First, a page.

Compassionate Allowance - Eisenmenger Syndrome

For those of us who are parents, our children are our greatest joy. If you ask any parent what the defining moment of their life was, the overwhelming majority will include the birth of their children somewhere in their response. Because this bond between parent and child is so strong, having a child born with a serious medical condition is one of the most difficult situations any parent can face.

For parents who find themselves in this unenviable position, the health of their child becomes the focus of their lives. Unfortunately, the rest of the world doesn’t follow suit; job responsibilities may continue, financial obligations need to be met, and bills continue to accumulate.

When facing troubling situations like this, it is comforting to know that Social Security Disability benefits can provide a measure of relief from some of the financial burdens associated with having a loved one who is facing a medical crisis. While the Social Security Administration (SSA) is currently facing an unprecedented volume of disability claims and a subsequent backlog of cases, the agency has taken measures to speed up the approval process for some medical conditions.

As a result, the SSA implemented the Compassionate Allowance program. Conditions which qualify for a Compassionate Allowance are inherently serious enough to inevitably lead to the need for disability benefits. For these conditions, the process of gaining approval for disability status has been greatly abbreviated, bringing financial relief to those whose needs are the most pressing.

One of the conditions that qualify for a compassionate allowance is Eisenmenger Syndrome.If you or someone you love has been diagnosed with Eisenmenger Syndrome., it is very important for you to begin the disability application process right away to avoid unnecessary delays to your disability payments.

Eisenmenger Syndrome – Condition and Symptoms

Beating within our chests more than 100,000 times every day, the heart is a multitasking organ. Through a series of finely-timed muscular contractions, oxygenated blood is sent throughout the body and oxygen-poor blood is circulated to the lungs and then back to the heart, where the circulation to the body continues.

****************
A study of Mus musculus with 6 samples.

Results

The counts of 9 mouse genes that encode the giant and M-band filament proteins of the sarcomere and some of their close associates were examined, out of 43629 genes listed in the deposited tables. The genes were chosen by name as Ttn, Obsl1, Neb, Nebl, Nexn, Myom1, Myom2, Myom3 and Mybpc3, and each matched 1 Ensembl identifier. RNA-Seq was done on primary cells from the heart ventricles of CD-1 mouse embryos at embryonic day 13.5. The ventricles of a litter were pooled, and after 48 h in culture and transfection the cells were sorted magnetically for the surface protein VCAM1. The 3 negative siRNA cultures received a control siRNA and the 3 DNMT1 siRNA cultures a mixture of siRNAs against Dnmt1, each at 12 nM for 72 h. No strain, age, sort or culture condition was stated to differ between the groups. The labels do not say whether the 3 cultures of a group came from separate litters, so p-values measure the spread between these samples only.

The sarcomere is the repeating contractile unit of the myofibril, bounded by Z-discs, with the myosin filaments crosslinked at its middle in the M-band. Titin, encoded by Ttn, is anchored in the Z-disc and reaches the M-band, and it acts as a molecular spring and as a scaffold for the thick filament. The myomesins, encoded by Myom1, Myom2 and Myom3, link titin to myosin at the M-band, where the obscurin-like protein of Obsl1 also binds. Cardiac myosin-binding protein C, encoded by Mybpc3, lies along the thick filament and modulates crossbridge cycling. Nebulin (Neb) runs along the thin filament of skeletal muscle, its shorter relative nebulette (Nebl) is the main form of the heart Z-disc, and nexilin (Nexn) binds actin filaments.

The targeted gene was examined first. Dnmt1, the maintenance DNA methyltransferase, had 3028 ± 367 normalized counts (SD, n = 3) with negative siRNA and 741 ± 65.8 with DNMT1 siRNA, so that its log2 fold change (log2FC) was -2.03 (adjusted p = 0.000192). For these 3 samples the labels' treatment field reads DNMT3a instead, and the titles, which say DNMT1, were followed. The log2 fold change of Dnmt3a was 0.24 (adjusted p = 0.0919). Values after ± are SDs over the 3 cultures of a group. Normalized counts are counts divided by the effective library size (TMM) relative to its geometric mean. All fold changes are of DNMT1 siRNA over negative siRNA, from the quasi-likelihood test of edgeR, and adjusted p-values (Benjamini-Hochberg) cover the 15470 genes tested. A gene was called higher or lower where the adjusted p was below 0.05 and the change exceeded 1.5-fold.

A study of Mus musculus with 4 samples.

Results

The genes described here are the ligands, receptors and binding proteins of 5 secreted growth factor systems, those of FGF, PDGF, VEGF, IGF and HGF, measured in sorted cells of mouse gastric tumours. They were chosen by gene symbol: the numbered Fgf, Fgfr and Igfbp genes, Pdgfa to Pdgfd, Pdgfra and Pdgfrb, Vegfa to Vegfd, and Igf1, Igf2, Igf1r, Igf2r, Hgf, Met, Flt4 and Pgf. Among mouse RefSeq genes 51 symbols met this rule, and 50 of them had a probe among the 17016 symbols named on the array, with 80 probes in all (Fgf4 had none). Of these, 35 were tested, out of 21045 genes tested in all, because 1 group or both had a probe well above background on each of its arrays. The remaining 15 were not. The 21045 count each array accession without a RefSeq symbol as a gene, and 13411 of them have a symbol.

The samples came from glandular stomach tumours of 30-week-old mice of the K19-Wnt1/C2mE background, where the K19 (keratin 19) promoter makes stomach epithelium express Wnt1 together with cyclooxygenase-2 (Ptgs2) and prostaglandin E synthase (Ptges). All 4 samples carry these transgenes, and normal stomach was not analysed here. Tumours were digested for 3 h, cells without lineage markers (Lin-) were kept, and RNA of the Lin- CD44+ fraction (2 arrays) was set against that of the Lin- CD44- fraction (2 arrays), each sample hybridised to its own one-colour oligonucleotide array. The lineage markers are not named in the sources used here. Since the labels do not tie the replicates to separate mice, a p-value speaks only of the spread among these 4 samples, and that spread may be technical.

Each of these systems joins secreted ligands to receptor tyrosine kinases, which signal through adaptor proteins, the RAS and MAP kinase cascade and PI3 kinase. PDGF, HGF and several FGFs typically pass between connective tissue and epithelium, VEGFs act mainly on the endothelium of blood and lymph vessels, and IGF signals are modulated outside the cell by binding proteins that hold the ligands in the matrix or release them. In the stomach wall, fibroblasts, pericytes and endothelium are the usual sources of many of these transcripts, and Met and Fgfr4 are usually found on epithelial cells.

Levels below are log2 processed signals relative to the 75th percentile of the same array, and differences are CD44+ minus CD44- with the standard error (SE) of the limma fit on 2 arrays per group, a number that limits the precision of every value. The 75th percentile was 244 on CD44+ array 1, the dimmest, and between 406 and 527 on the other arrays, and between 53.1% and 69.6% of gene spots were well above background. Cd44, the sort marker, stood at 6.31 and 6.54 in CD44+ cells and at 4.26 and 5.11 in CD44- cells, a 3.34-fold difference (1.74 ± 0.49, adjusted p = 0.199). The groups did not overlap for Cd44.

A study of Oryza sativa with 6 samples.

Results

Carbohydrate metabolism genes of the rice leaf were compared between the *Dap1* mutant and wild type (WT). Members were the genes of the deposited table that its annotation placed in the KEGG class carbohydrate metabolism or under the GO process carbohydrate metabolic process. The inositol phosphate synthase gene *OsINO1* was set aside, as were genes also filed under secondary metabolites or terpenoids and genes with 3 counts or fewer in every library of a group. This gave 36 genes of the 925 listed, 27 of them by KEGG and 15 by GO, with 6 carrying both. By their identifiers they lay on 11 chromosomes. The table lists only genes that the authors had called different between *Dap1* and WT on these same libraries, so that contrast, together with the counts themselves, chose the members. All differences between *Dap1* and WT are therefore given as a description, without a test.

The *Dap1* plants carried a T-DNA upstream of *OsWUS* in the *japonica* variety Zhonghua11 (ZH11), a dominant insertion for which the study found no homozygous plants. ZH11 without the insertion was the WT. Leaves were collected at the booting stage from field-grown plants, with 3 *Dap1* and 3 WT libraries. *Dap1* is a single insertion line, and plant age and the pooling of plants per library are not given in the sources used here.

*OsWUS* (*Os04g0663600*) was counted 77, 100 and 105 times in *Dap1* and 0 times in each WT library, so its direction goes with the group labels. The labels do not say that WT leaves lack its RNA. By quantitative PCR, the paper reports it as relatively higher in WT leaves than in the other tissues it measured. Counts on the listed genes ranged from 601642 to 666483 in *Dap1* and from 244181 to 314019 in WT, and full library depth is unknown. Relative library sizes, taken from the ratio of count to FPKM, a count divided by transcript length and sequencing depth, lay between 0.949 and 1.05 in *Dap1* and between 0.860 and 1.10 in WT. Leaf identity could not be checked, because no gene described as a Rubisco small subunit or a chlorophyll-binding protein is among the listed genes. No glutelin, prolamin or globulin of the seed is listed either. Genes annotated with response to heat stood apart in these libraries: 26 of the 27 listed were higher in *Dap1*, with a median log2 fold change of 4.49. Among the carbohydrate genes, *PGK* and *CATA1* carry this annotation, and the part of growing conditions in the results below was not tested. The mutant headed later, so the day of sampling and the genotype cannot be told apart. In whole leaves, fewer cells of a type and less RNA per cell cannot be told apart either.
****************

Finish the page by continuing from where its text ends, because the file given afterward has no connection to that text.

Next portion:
In a normally developed heart, the two lower chambers (called the ventricles) are separated by a muscular wall (called the septum) which prevents oxygenated blood from mixing with the blood being sent to the lungs for more oxygen. In some children, this septum doesn’t develop properly, resulting in a ventricular septal defect, or VSD. This VSD allows freshly oxygenated blood to flow back to the lungs rather than flowing to the rest of the body to deliver its oxygen.

As time passes, this additional blood flow within the lungs damages the blood vessels in the lungs, resulting in high blood pressure in the lungs, or pulmonary hypertension. This additional pressure creates a back-up of blood, causing oxygen-depleted blood to be re-circulated throughout the body. The resulting condition is called Eisenmenger Syndrome.

The symptoms of Eisenmenger Syndrome usually appear before adolescence, but may not appear until early adulthood. These symptoms may include:

  • Abnormal Heart Rhythms
  • Chest Pain
  • Coughing up blood
  • Dizziness or fainting
  • Fatigue
  • Shortness of breath
  • Swelling in the joints
  • Enlarged, club-like appearance of fingers and toes

In general terms, treatment for Eisenmenger Syndrome is geared toward controlling the symptoms through medication and preventing complications. In some children, heart and lung transplantation may or may not be an option. Depending on the severity of the condition, life expectancy is usually between 20 and 50 years.

Filing for Social Security Disability with Eisenmenger Syndrome

A child diagnosed with Eisenmenger Syndrome will automatically qualify for Social Security Disability benefits, because this condition has been identified by the SSA as one which qualifies for Compassionate Allowance status. With all of the necessary documents present and complete, you can expect your case to be approved within a matter of weeks. Although approval for benefits is virtually assured, your safest approach would be to have your case reviewed by a qualified Social Security Disability attorney.

While the application and approval process may seem pretty simple, it is important to remember that it is essentially a legal proceeding. In addition, the accompanying documents contain a great deal of information regarding the claimant’s medical condition. A Social Security Disability attorney is trained and experienced with both the legal and medical aspects of the application process, and can provide the correct documentation the first time, rather than getting stuck in a lengthy appeal.

Your Eisenmenger Syndrome Social Security Disability Case

If your child has been diagnosed with Eisenmenger Syndrome, you already have enough to worry about. The value of knowing that your claim is being handled by a qualified disability lawyer simply cannot be overstated. By trusting your claim to a professional, you can focus on taking care of your family.

Please click here to have your case evaluated by a Social Security Disability lawyer in your area.